IHG’s corporate strategy: ‘The winning ways’ IHG’s mission statement is: ‘to become the greatest company in the world through creating great hotels guests love’. IHG’s road map for growth is….
What Is Strategy?
Today’s dynamic markets and technologies have called into question the sustainability of competitive advantage. Under pressure to improve productivity, quality, and speed, managers have embraced tools such as TQM, benchmarking, and reengineering. Dramatic operational improvements have resulted, but rarely have these gains translated into sustainable profitability. And gradually, the tools have taken the place of strategy. As managers push to improve on all fronts, they move further away from viable competitive positions.
Michael Porter argues that operational effectiveness, although necessary to superior performance, is not sufficient, because its techniques are easy to imitate. In contrast, the essence of strategy is choosing a unique and valuable position rooted in systems of activities that are much more difficult to match. In answering the question ‘what is strategy? ’, some theorists focus more on the role of strategy in allowing a firm to ‘position’ itself in an industry, hence to make choices regarding ‘what game to play’.
Others focus more on the role of strategy in determining how well a given game is played. Strategy is about both: choosing new games to play and playing existing games better. One of the biggest disagreements among strategy researcher concerns the process by which strategies emerge. Some describe stratgy as a rational and deliberate process, while others describer it as an evolutionary process which emerges from experimentation and trial and error. Some place more emphasis on external factors, like the structure of the industry to which he firm belongs (e. g. the industrial organization approach), while others place more emphasis on factors internal to the organization, like the way production is organized (e. g. Resource-Based approach).
Furthermore, some describe a relatively static relationship between strategy and the environment where firms respond to external conditions, while others describe a dynamic picture of competition, where firms not only are influenced by the environment, but also actively seek to change it. (e. g. he Schumpetarian approach). This feedback relationship between firm strategy and the environment is the focus of industry ‘lifecycle’ studies which look at the sources and effectrs of changes in industry structure. Porter(1996) claims that not all business decisions are strategice. Decisions can only be defined as strategic if they involve consciously doing something ‘differently’ from competitors and if that difference results in a sustainable advantage. To be sustainable it must be difficult to imitate.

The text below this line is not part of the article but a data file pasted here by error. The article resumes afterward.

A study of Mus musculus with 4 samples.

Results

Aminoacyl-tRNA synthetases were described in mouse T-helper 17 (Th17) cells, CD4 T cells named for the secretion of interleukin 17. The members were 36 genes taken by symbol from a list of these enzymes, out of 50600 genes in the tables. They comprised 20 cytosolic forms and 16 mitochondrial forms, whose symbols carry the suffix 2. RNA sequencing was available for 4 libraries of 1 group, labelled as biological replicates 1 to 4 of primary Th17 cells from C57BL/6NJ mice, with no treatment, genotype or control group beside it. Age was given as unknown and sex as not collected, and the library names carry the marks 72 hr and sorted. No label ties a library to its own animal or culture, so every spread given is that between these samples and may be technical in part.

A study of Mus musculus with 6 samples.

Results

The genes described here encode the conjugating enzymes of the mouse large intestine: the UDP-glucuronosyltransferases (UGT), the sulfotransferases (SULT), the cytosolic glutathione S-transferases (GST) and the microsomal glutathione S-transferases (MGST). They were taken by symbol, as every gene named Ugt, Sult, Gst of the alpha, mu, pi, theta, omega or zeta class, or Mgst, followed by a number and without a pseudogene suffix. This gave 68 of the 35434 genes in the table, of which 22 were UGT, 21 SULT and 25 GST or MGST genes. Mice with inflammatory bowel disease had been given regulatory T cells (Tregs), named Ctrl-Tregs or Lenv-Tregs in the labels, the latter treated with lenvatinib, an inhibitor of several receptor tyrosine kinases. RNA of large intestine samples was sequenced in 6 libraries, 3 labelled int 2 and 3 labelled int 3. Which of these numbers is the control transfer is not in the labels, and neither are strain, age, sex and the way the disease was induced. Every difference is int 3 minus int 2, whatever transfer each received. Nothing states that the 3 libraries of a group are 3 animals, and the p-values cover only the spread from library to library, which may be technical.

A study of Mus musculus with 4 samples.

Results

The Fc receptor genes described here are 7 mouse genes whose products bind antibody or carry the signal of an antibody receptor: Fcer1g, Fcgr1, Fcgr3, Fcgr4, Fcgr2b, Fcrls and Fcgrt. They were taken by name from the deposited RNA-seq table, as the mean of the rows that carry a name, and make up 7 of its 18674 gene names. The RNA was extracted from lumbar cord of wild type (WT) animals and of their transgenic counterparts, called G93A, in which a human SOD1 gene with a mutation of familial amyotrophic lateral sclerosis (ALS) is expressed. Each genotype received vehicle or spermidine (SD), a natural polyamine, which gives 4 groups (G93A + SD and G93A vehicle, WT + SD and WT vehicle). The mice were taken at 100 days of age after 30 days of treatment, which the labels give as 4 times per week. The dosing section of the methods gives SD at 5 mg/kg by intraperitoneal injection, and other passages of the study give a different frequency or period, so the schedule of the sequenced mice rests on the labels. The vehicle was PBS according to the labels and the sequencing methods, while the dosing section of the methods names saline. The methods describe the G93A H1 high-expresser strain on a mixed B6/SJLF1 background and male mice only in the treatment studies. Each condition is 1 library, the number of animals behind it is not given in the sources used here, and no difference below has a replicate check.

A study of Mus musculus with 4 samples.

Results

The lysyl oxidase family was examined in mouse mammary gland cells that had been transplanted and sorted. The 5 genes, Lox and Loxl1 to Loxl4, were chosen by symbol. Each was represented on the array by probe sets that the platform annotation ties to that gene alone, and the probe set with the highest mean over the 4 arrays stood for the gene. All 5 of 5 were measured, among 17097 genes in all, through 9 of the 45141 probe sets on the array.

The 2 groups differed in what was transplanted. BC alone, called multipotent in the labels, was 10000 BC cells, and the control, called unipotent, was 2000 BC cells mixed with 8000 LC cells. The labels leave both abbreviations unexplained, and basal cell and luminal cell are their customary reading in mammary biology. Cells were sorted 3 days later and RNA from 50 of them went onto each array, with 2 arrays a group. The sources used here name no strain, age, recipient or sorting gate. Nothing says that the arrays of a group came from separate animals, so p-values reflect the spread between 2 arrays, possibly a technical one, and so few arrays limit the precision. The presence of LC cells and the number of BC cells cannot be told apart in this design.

Activities which simply increase productivity by making existing methods more efficient (‘operational efficiency’) are not strategic since they can be easily copied by others. Although a firm must engage in both types of activiteis, it is strategic activies that will allow it to develop a sustainable superior performance. One of the factors that renders strategies hard to imitate, hence unique, is that they are the result of a complex interaction between diffenrent activities, which is not reducible to the sum of the indicidual activities.
It is this synergy between activities that produces value, not the activities in themselves. Whittingtton(2001) introduces us to four different perspectives on stragey: the classical perspective, the evolutionary persperctive, the processual perspective and the systemic perspective. The classical perspective assumes that the manger has near to complete control over how to allocate the internal and external resources of the firm, and can thus manipulate the internal organization of the firm to better suit these objectives. In this view, strategic behaviour is guided by rationality, opportunism and self-interest.
The evolutionary perspective places emphasis on behacioural differences between firm (e. g. some firms base their descisons on rational caculations, others simply on imitaion) and on the market selection mechanisms that allow some firms to frow and survive and others to fail. This view causes the image of the heroic entrepreneur, centreal to the classical perspective, to fall apart: it is not one manager but the mix between the forces of market selection, random events, and processes of positive feedback that determine performance.
The processual perspectiver holds that economic outcomes emerge from the interactions between individuals and between individuals and their environment. The result of this interacion is unpredictable because actions are often unintended. Humans are not perfectly rational but ‘bounded’ in their rationality. This, along with the fact that interaction between individuals is guided not only by self-interest but alsoby collective bargaining and compromis, causes economic dynamics to be fuzzy and unpredictable.
The systemic perspective argues that each of the above approaches is characterized by a narrow view of the world: a Western, often Anglo-Saxon, view. The ‘rationality’ of a particular strategy depends on its specific historical, social and cultural context. Strategic behaviour is ‘embedded’ in a network of social relations that includes cultural norms, class and educational background, religion and so on. Hence what if labelled as ‘irraional’ behaviour in one context may be perfectly rational in another.